Following a two-month-long decline from the delta variant-fueled increase this summer, the state’s positive test rate has risen incrementally over the past two weeks from below 1.7 percent to to a seven-day average of 2.15 percent.
According to data released prior to Veterans Day on Thursday, the state was averaging 1,174 new cases per day over the prior week. For comparison’s sake, Massachusetts averaged less than 100 new cases a day for nearly a month around the beginning of summer in the wake of the COVID-19 vaccine rollout.
Hospitalizations due to COVID-19, which generally lag infection rate trends, continue to slide downward in Massachusetts since topping out at over 700 in mid-September, their highest level since April, according to state data.
As of Wednesday, Massachusetts had 527 patients hospitalized due to COVID-19.
Samples from Boston-area wastewater, which can portend future COVID-19 rates, have also continued their choppy but level trend since summer, which some infectious disease experts suggest could be a sign of the virus stabilizing.
Still, early November was when COVID-19 rates began to rise ahead of the surge last winter, albeit at a time when no one was vaccinated — but also when statewide rules requiring masks indoors, limiting gatherings, and requiring businesses to adhere to safety guidelines were in place.
Dr. Bill Hanage, a professor of epidemiology at Harvard’s T.H. Chan School of Public Health, said during an NPR forum Friday that people should be “cognizant” of the “relatively high-consequence outcomes” that can occur from increasing infections, such as impacts on the health system’s ability to deal with a “backlog of care” that has developed during the pandemic.
“Relatively small shifts could have relatively outsized effects,” Hanage said.
“We have a large amount of immunity from prior infection, we have a large amount of vaccination, and in case you haven’t noticed, cases are still plateauing, rather than disappearing,” he said of Massachusetts.
With the holidays approaching, Dr. Ashish Jha, the dean of Brown University’s School of Public Health, said the general trends should be reason enough for federal official to make all adults eligible for COVID-19 boosters (which are already available to a broad range of groups) to address the vaccines’ waning effectiveness over time.
Massachusetts also isn’t alone. While the national delta surge has eased, about half of all states — including all of New England — have seen COVID-19 rates increase over the past two weeks, according to The New York Times. New Hampshire has seen the biggest jump in per-capita infections — with a 91 percent increase over the last two weeks.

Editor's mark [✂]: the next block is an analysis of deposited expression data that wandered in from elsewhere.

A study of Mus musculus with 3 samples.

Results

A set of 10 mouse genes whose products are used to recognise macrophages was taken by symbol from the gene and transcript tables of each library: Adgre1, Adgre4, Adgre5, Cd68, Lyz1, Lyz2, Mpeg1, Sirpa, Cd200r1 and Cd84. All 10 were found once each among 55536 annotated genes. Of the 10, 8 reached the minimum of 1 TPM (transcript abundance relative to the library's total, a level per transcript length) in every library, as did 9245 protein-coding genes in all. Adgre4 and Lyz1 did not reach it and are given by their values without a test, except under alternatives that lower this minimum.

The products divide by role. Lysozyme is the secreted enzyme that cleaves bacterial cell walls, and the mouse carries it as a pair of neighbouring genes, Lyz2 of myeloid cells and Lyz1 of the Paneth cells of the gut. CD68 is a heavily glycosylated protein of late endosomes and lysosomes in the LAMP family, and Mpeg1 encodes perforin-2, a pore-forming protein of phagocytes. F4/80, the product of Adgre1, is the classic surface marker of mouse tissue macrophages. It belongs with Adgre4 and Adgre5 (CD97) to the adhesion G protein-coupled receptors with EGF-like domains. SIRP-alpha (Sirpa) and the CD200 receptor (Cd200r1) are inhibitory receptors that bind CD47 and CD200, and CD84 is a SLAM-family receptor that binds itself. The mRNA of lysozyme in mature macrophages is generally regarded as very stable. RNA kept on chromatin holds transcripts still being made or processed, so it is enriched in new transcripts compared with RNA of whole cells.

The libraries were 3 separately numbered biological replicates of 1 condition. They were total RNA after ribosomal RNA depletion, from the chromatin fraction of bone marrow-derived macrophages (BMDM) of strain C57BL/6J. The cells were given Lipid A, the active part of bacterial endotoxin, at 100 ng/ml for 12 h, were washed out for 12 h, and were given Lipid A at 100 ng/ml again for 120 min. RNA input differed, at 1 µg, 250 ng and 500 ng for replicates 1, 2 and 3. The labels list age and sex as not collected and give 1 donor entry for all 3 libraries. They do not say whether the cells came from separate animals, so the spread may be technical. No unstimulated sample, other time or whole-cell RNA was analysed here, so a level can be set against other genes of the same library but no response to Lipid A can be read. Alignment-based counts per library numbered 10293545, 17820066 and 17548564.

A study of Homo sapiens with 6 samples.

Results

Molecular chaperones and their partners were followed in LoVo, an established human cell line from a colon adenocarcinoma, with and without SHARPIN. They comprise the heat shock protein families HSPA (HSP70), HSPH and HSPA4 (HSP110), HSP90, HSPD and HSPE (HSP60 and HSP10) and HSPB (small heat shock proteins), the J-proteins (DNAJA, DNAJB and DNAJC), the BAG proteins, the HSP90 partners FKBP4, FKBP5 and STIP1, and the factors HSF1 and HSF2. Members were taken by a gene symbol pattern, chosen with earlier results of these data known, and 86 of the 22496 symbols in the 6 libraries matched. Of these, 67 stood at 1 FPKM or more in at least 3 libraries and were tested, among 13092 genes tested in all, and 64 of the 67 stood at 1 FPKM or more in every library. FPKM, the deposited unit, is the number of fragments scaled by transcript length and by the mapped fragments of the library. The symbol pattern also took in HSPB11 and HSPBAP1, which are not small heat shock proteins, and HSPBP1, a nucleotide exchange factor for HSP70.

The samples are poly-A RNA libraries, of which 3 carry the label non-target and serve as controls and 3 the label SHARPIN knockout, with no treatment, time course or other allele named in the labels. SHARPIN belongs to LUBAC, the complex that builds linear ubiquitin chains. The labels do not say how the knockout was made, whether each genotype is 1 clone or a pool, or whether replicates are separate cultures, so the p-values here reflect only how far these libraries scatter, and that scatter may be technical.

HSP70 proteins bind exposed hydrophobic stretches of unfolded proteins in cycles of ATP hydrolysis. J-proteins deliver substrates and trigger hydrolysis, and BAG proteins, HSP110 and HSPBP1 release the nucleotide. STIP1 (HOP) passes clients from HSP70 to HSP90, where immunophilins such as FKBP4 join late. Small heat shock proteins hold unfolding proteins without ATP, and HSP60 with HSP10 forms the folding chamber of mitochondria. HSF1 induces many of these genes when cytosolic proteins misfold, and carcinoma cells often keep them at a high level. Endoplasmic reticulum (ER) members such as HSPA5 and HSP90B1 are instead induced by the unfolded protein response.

Still, the region remains relatively well-positioned due to its high vaccination rates.
Massachusetts, Connecticut, Rhode Island, and Vermont — which are among the top five states with the highest vaccination rates — remain among the 10 states with the lowest hospitalization rates in the country. All four, as well as Maine, have over 70 percent of their populations fully vaccinated (New Hampshire is 11th in the country at 63 percent).
Gov. Charlie Baker’s administration credits the fact that more than 90 percent of Massachusetts adults have gotten at least dose for the state having “one of the lowest hospitalization rates in the country.”
“To date, almost 4.8 million residents across the Commonwealth are fully vaccinated against COVID-19, and the Baker-Polito Administration continues to encourage everyone to get vaccinated as it remains the best way to protect yourself and your loved ones,” a spokesperson for the state’s office of health and human services told Boston.com in a statement Friday, noting that vaccines, including boosters, are available at more than 1,000 locations in Massachusetts.
So far, more than 730,000 people in Massachusetts have gotten a booster shot and over 25,000 children in the state have gotten a first dose of Pfizer’s pediatric vaccine during their first week of eligibility.
During the national delta surge, Hanage noted that states with lower vaccination rates among older adults generally had higher death rates from COVID-19.
That doesn’t mean vaccinated adults are fully immune.
According to state data, over half of the new cases in Massachusetts in the most recent two weeks have been among residents aged 20 to 59. And in the week of Oct. 31 to Nov. 6, nearly 48 percent of the 9,660 positive COVID-19 tests in Massachusetts were among fully vaccinated individuals. As of Nov. 6, 58,807 — or 1.2 percent — of the 4,753,520 fully vaccinated Massachusetts residents had reported a breakthrough infection.
Still, the risk of death for vaccinated individuals is 11 times lower compared to unvaccinated individuals, though federal officials are urging those older than 65 or with underlying health conditions to get a booster shot.
Since the beginning of the pandemic, 468 fully vaccinated people in Massachusetts — or 0.01 percent — have died from the virus; their median age was 81.2 years, old and 73 percent had underlying conditions, officials say.
Between Oct. 17 and Oct. 30, more than 90 percent of the deaths in Massachusetts due to COVID-19 were among residents over the age of 60 (and 60 percent were older than 80). Hanage said Friday that officials “should not forget that we have other weapons in our arsenal” to protect older individuals, such as deploying rapid tests to nursing homes.
“We’re not out of the woods yet,” Hanage said. “Even if we’re in a less woody part of the woods, we’re not out of the woods yet.”